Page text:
We Answer Your Frequently Asked Questions About Tax Refunds In The Philippines

3 min. read By eCompareMo on

It’s that time of the year again when the income tax refund is due. Are you aware of this Bureau of Internal Revenue (BIR) payout? Most importantly, are you eligible to receive one?

We Answer Your Frequently Asked Questions

We’re answering the frequently asked questions about tax refund in the Philippines. See if you’re due to receive a refund this year and learn how the BIR computes for tax refunds.

What is an Income Tax Refund?

It is an annual payback to employees who have paid excess taxes during the BIR fiscal year. The amount of the income tax refund is based on the employees’ annual gross income. It is shown on the Certificate of Compensation Payment/Income Tax Withheld (or BIR Form 2316).

Since employers are the ones withholding the taxes, they are responsible for processing and adjusting their eligible employees’ salaries accordingly.

The previous year’s taxes are computed, and the employers give back the refunds to employees by crediting the money back to their monthly salary.

When is the tax refund released?

The employers are required to give the tax refunds due to their employees no later than January 25 of the present year. Employees will then be given the BIR Form 2316 showing the employee’s tax payments from the last BIR fiscal year.

Employers who fail or refuse to release the excess withholding tax to their employees will be subject to penalty under the law. Under section 255 of the National Internal Revenue Code, penalties include “a fine of not less than Ten Thousand Pesos (P 10,000) and suffer imprisonment of not less than one (1) year but not more than ten (10) years.”

Who are eligible for the BIR tax refund?

The tax refund applies to the following employees or individuals:

  • Newly employed and have not completed an entire year working with the same company
  • Change in tax salary bracket due to unpaid leaves or absences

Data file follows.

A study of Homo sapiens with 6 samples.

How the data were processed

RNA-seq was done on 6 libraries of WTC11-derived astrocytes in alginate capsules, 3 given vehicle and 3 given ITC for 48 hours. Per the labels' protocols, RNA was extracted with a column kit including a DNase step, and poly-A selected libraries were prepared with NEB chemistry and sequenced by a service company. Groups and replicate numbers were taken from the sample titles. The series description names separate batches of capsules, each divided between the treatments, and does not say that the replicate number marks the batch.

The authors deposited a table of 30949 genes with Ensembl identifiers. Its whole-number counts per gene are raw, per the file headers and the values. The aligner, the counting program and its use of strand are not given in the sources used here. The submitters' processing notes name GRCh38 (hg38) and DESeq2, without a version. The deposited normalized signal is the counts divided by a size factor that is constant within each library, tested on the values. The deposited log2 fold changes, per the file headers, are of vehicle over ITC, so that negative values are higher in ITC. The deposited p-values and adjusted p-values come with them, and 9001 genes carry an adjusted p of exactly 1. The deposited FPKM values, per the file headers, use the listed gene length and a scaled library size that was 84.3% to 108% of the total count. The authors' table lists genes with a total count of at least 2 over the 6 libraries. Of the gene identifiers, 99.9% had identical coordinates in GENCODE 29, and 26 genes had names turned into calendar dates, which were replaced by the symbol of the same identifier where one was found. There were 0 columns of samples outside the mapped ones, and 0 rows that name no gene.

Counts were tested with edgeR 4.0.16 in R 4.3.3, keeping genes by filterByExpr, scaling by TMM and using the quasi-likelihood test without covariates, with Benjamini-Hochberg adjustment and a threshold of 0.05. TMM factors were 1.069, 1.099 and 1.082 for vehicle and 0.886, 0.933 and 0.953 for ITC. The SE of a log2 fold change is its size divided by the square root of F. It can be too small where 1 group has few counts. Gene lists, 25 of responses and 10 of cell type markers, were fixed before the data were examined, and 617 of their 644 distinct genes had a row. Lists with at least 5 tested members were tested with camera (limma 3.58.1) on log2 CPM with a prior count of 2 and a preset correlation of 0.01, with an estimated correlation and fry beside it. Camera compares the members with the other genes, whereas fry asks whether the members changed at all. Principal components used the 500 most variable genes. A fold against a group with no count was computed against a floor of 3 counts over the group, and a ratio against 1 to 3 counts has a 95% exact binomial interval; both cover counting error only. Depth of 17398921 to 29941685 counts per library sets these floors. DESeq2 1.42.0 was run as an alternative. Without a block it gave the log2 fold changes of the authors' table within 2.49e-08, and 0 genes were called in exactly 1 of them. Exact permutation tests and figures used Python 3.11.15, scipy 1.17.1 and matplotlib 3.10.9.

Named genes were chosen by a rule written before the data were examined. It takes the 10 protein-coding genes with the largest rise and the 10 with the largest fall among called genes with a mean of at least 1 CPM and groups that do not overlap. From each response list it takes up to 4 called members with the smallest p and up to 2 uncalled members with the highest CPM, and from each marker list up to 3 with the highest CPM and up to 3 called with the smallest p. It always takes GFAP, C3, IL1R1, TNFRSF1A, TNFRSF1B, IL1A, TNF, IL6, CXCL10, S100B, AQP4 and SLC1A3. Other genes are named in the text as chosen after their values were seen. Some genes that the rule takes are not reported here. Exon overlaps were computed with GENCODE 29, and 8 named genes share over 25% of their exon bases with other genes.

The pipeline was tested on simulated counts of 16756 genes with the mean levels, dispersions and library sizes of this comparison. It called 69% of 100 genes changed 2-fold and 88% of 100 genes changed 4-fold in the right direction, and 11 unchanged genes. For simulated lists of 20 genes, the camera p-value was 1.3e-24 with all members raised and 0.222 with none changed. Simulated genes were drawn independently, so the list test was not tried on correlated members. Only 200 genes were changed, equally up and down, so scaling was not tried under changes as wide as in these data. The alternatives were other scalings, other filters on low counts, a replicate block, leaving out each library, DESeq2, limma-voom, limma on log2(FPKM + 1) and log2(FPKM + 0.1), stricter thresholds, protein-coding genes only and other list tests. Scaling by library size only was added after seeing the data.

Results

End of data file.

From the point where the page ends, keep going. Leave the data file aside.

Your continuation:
• Resigned from the company
  • Adjustments in taxation due to change in employee tax status

The above reasons are not limited. Generally, tax refunds are provided for employees who had adjustments to their taxable income.

How is the income tax refund computed?

Employers calculate the income tax based on the employee’s BIR tax bracket. If you want to know your individual calculation, you may approach your human resource officer or accounting office for more details.

Resigned employees also have the same calculation as regular employees. The release of their income tax refund, however, is usually at the same time as their separation pay release date.

This is a sample computation of an employee with a changed tax status:

January – June July – December Year to Date Annualization
M M1 Total
Basic Salary P20,000.00 P20,000.00 P240,000.00 P240,000.00
SSS P581.30 P581.30 P6,975.60 P6,975.60
PhilHealth P275.00 P275.00 P3,300.00 P3,300.00
Pag-IBIG P100.00 P100.00 P1,200.00 P1,200.00
Personal Exemption P50,000.00
Additional Exemption P25,000.00
Taxable Salary P19,043.70 P19,043.70 P228,524.40 P153,524.40
Tax Due P2,677.59 P2,156.76 P29,006.10 P25,881.10
Tax Refund P3,125.00

What are the different methods employers can return the income tax refund to employees?

Employees may receive their income tax refund through the following:

  • Lump sum – usually for resigned employees
  • Tax credit – employers deduct the amount of tax refund from the amount of tax due
    • Example: Tax due for one month: P800 and Total tax refund amount: P500

P800 – P500 = P300 – your tax payable for one month

There are also employees who will have zero (0) tax due/withheld for one month. This means eligible employees should have more take-home pay in the income tax refund period.

(Read: Tax Reform 2018: When Can You Expect The Change To Happen)

Do individuals need to apply for their own tax refund?

Not for employees. The employers are responsible for computing the tax refund and returning the excess taxes to eligible employees on time and accurately, as mandated by law.

Self-employed individuals will need to file their BIR Form 1701 – Annual Income Tax Return (For Self-Employed Individuals, Estates, and Trusts Including Those With Both Business and Compensation Income), and process their own tax refund due at the nearest BIR office.